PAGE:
Summary: The message of Christ and His work on our behalf is a mystery of God. In fact, Paul speaks of this as "the mystery of godliness."
“Great indeed, we confess, is the mystery of godliness:
He was manifested in the flesh,
vindicated by the Spirit,
seen by angels,
proclaimed among the nations,
believed on in the world,
taken up in glory.” 
Mysteries are a favourite genre in books, movies and television entertainment in contemporary culture; and the New Testament seems to speak of “mysteries” rather frequently. However, whenever the writers of the New Testament spoke of a mystery, they didn’t mean precisely what we mean today when we speak of a mystery. In contemporary language, a mystery is an enigma—an unexplained or unsolved phenomenon—for which the skein must be unraveled in order to discover the cause of some action we have observed. Often, the term refers to an action that is hurtful or harmful, an action resulting in loss, even loss of life, or an action that threatens health and/or life.
The writers of the New Testament used the term mustérion—mystery twenty-eight times. However, in that Greek tongue, the concept of mustérion was a truth that was previously unknown and now revealed. For instance, Jesus explained to the disciples why He spoke in parables. He said, “To you it has been given to know the secrets of the kingdom of heaven, but to them it has not been given. For to the one who has, more will be given, and he will have an abundance, but from the one who has not, even what he has will be taken away. This is why I speak to them in parables, because seeing they do not see, and hearing they do not hear, nor do they understand” [MATTHEW 13:11-13].  The word translated “secrets” in my translation is the Greek term mustérion; the “mysteries of the Kingdom” were deliberately obscured with parables. Disciples would understand what was meant; outsiders would be clueless.
Paul spoke of the recalcitrance of Israel toward the Good News of the Messiah as a mustérion.  According to the Apostle, the Gospel was a mustérion.  That Gentiles would be included in the salvation of God was a mystery.  The lawlessness of the wicked one is a mystery, and especially that this lawlessness is restrained by God’s Spirit is a mystery.  And the truth that not all believers shall die—many will be raptured, translated into the presence of the Risen Master—is a mystery. 
In our text today, Paul speaks of the “mystery of godliness.” The term is intriguing, perhaps the more so as we read his recitation of what appears to have been a hymn that was known to Timothy. I believe he is quoting a hymn that would have been familiar to many Christians during that time.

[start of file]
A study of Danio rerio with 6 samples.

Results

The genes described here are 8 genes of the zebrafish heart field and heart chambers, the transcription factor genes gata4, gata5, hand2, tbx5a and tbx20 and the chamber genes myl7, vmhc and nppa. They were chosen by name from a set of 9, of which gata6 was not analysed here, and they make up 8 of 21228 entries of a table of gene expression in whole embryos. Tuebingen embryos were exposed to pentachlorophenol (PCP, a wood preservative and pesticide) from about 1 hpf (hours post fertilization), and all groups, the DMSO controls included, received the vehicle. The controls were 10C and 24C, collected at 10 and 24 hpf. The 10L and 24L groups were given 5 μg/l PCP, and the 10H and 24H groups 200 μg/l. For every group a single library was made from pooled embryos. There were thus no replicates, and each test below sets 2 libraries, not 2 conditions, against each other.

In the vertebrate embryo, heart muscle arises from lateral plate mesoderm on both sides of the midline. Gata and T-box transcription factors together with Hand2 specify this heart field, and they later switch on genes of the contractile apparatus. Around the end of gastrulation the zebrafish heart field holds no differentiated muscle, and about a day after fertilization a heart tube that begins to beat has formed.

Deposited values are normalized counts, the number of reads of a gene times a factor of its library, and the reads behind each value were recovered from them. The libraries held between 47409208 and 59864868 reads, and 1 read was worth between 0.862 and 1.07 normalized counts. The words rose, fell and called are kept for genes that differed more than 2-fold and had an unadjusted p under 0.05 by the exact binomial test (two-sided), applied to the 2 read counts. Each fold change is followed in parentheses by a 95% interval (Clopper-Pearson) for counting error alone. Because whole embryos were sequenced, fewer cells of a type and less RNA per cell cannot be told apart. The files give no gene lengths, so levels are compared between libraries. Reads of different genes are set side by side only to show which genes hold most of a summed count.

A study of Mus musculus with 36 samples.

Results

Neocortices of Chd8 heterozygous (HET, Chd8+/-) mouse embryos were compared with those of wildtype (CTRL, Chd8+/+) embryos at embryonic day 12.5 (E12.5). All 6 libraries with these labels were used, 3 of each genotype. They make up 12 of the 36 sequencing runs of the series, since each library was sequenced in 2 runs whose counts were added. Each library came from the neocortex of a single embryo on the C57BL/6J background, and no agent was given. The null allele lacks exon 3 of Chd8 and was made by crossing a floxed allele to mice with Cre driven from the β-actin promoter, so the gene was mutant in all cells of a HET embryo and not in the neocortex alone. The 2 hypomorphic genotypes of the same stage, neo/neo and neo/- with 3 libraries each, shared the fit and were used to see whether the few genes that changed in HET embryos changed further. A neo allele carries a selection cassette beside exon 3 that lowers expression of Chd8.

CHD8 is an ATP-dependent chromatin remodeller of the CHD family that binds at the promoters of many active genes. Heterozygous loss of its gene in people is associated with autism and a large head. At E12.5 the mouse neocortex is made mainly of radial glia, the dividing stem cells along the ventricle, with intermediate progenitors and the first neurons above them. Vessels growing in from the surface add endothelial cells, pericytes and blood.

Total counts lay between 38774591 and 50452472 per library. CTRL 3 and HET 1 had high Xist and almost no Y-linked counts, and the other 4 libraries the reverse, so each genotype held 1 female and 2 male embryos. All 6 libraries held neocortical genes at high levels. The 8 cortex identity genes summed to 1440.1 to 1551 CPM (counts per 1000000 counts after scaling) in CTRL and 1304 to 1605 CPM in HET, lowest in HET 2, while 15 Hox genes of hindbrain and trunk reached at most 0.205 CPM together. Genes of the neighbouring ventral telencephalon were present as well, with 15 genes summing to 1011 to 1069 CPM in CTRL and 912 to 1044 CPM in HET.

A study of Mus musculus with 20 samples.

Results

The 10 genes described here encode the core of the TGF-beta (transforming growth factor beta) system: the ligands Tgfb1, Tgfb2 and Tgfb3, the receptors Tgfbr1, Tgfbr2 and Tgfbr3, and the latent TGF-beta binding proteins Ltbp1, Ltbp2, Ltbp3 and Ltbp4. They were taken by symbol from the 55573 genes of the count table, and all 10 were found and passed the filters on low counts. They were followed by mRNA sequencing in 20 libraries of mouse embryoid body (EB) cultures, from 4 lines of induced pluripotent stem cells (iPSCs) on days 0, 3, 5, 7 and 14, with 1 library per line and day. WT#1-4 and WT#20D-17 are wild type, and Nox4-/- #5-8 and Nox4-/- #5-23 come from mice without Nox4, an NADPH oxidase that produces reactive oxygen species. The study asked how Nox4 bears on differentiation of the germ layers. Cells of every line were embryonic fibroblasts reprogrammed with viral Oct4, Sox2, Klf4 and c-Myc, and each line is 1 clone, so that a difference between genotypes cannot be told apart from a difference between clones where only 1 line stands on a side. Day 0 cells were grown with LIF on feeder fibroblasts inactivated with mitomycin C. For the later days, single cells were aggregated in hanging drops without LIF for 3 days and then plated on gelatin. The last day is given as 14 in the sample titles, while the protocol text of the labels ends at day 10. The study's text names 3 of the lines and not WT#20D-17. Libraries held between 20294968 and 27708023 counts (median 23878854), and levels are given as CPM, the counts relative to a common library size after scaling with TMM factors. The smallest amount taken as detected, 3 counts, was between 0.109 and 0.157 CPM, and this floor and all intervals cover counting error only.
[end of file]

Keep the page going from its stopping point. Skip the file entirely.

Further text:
Before tackling the text, I want to take a moment to speak about Paul’s citation of what I believe to be a hymn. From earliest days, the people of God have been a singing people. John Wesley instructed the circuit riding preachers to carry the Bible and a hymnal. And to this day, the churches of our Lord sing psalms hymns and spiritual songs. In fact, we have instructions to be a singing people. For instance, Paul writes in the Ephesian Letter, “Be filled with the Spirit, addressing one another in psalms and hymns and spiritual songs, singing and making melody to the Lord with your heart, giving thanks always and for everything to God the Father in the name of our Lord Jesus Christ” [EPHESIANS 5:18b-20]. Was this the only place where such instruction was given, it would be enough to encourage us to sing; however, we are instructed elsewhere, “Let the word of Christ dwell in you richly, teaching and admonishing one another in all wisdom, singing psalms and hymns and spiritual songs, with thankfulness in your hearts to God. And whatever you do, in word or deed, do everything in the name of the Lord Jesus, giving thanks to God the Father through him” [COLOSSIANS 3:16, 17].
Indulge me for a brief moment as I make a statement concerning the music of the Faith. My early years of higher education were funded by music scholarships. I appreciate music—all music. Thinking about music of the Faith, I recognise two aspects of music that serves to honour God. Good music must be harmonious—it must be melodic, pleasing to the ear. Whether a song is syncopated or whether the melody is uncomplicated is immaterial. Discordant music may characterise some of what is presented as music in this day; but harmony speaks of unity and of the Faith. Likewise, the lyrics must have meaning. Music that ennobles the singer and the listener will combine these two elements—harmony and meaning. This is not an “either/or” situation—it is a “both/and” requirement.
Many songs that are popular among the churches lack theological fidelity, though the tune is catchy and perhaps even easy to sing. From the standpoint of making the singer or listener nobler, a theologically imprecise song has about as much depth as some of the songs that were popular when I was a child. One such song that became quite popular in the early 1960s was an NBC radio announcer’s test put to music; the song became a hit with teenagers of the era.